Reporting team

While the pandemic continues, we will be printing a weekly ‘positive news’ section. We are interested in stories about community spirit and people pulling together in these troubling times. Email news@baylismedia.co.uk with your good news.

HARE HATCH: A farm shop in Hare Hatch is offering free face masks to its customers as part of its work to support the NHS.

Sheeplands is providing the masks in return for a voluntarily donation which is set to go to NHS charities.

Andy Dicks from Sheeplands, said: “We are combining our care for customers with our support for those working on the front line of the NHS.

"Money donated for the masks will go to the NHS Welfare Fund and the Royal Berkshire Hospital Appeal fund through the Rotary Club of Reading.

“We already have a designated time for NHS workers to come into the shop so that they have a bit more space. They really do deserve our support.”

BRAY: Lindy and Garry Harpham, of Old Mill Lane, decided that they would like to say a special thank you to their postman during the lockdown period.

As Stu the postman delivered letters and parcels in his usual ‘happy spirit’, Lindy and Garry arranged a communal card and a collection, including a thank you poster made by Lindy.

The residents all gathered at a safe distance for the presentation.

“[It was] a gloriously sunny day and we all felt a connection with our neighbours,” said Mary Wiles, a neighbour of Lindy and Garry.

MARLOW: A 15-year-old added some music to the weekly clap for carers by performing ‘You’ll Never Walk Alone’.

Benjamin Dyer, 15, was inspired to serenade residents of Claremont Road by 99-year-old Captain Tom Moore, who has released a version of the 1945 show tune with singer Michael Ball.

Captain Moore has risen to fame by after committing to walk 100 lengths of his garden to raise money for NHS Charities Together, moving people to donate almost £29million.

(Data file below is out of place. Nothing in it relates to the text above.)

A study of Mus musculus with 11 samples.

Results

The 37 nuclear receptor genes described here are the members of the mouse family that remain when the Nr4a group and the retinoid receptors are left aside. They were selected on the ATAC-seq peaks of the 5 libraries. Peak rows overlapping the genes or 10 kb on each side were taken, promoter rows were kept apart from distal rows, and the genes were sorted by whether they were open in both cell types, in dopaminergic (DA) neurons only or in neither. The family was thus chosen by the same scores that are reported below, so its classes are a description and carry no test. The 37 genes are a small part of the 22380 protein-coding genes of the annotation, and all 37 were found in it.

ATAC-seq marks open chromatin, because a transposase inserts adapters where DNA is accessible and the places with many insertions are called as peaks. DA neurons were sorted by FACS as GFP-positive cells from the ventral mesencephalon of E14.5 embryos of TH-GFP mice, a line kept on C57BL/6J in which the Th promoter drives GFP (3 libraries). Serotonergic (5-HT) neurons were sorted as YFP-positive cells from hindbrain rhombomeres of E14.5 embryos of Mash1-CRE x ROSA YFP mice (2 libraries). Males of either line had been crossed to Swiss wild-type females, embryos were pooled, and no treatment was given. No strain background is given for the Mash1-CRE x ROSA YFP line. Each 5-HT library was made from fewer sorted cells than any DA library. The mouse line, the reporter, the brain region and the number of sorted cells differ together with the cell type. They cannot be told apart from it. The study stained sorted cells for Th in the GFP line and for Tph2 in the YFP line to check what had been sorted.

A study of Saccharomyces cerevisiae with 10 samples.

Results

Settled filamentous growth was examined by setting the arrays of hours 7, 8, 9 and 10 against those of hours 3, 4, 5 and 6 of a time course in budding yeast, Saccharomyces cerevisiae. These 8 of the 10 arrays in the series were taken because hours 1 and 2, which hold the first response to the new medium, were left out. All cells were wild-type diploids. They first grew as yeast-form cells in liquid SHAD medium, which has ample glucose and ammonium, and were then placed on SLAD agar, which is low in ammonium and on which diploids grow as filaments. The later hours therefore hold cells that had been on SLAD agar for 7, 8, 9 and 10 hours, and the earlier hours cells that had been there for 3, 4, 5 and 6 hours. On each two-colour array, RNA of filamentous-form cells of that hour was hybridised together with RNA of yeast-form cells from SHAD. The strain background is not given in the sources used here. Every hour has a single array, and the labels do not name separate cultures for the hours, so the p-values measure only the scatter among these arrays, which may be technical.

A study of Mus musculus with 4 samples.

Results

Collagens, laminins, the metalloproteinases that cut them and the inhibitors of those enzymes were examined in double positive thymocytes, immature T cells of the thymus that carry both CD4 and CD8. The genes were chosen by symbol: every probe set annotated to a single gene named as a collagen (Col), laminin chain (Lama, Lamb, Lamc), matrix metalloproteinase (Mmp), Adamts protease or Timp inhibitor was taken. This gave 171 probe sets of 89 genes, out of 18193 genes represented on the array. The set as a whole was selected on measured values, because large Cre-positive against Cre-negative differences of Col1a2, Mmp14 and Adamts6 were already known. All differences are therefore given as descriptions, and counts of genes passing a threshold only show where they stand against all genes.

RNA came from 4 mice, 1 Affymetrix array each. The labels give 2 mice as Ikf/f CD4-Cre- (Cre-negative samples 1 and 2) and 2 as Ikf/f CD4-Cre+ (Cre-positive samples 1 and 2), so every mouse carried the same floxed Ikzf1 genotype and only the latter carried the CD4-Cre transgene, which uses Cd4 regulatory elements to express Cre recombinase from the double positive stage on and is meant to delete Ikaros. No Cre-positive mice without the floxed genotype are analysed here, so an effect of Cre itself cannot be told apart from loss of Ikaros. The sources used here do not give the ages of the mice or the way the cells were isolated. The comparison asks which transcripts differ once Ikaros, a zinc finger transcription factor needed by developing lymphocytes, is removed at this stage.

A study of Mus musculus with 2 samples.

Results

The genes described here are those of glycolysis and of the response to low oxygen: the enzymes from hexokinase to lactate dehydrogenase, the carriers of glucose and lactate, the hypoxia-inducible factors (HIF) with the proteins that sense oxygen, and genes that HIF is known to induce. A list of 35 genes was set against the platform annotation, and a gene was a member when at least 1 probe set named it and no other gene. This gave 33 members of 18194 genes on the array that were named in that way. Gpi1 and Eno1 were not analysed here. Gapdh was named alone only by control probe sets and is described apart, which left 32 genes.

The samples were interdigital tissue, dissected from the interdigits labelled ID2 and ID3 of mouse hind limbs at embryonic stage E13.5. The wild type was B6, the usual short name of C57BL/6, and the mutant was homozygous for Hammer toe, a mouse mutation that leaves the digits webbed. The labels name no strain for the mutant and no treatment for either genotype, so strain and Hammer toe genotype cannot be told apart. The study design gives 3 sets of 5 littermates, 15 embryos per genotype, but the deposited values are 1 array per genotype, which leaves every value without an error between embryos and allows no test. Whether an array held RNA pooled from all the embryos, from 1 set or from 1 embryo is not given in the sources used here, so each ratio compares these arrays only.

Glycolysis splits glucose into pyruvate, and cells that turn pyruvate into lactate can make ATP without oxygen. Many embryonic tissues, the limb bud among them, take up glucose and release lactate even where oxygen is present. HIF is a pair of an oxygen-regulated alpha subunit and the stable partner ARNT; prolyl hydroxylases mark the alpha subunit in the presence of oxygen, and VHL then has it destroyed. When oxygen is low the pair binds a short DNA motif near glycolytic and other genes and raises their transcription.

The Claires Court Senior Boys pupil, Benjamin, said he also wanted to do his bit for the NHS and performed before the weekly clap took place on Thursday, April 16.

“I just wanted to do something, however small, to show my appreciation to the NHS and all carers for what they are doing now,” he said,

Benjamin, who played the clarinet, was the only musician taking part, however he was accompanied by the residents of Claremont Road who were in fine voice and in the right key.

MARLOW: One of the town’s rotary clubs has handed out cheques totalling £12,500 to seven charities in the area to help them during the coronavirus pandemic.

Good causes including Alexander Devine Children’s Hospice, in Maidenhead, and Making Marlow Dementia Friendly, have received £1,000 and £500 donations respectively from the Rotary Club of Marlow.

The decision to donate club funds was made at recent Zoom meetings between club members, which have been taking place weekly since the lockdown.

It is hoped that other organisations will benefit later in the year.

MARLOW: Budding authors can put their story-telling skills to the test during lockdown by entering a town council competition.

A short story competition has been launched by Marlow Town Council (MTC) to give young writers the chance to see their work in the summer edition of the Marlovian – a website for people living in the town.

Winners from each of the two categories – aged 16 plus and 8-15 – will also receive a book from author Susanna Beard, who lives in Marlow.

Stories will explore how youngsters are coping with the different way of life and looking forward to life post-lockdown.

Email your story to office@marlow-tc.gov.uk by Tuesday, May 5.

The online-only edition of the Marlovian can be viewed on the MTC website – www.marlow-tc.gov.uk – after Monday, June 8.

Winners will be informed by email if their story has been chosen to be published.

OLD WINDSOR: A hotel has paid tribute to NHS workers in a special way.

The De Vere Beautmont Estate in Burfield Road has hand cut 'NHS' into its main lawn to show its appreciation for key workers during the coronavirus outbreak.

The grass cutting took three hours to create with three people using hand mowers. It stands at 52 metres by 26 metres.

Darren McGhee, venue director at De Vere Beaumont Estate, said: “We have hand cut ‘NHS’ into the lawn to show how proud we are of all those working for the NHS locally and across the country.

"In these uncertain times, it is important to recognise the sacrifices being made by our key workers and this is our way of showing our appreciation.”

All activities on the estate have been suspended during the coronavirus outbreak.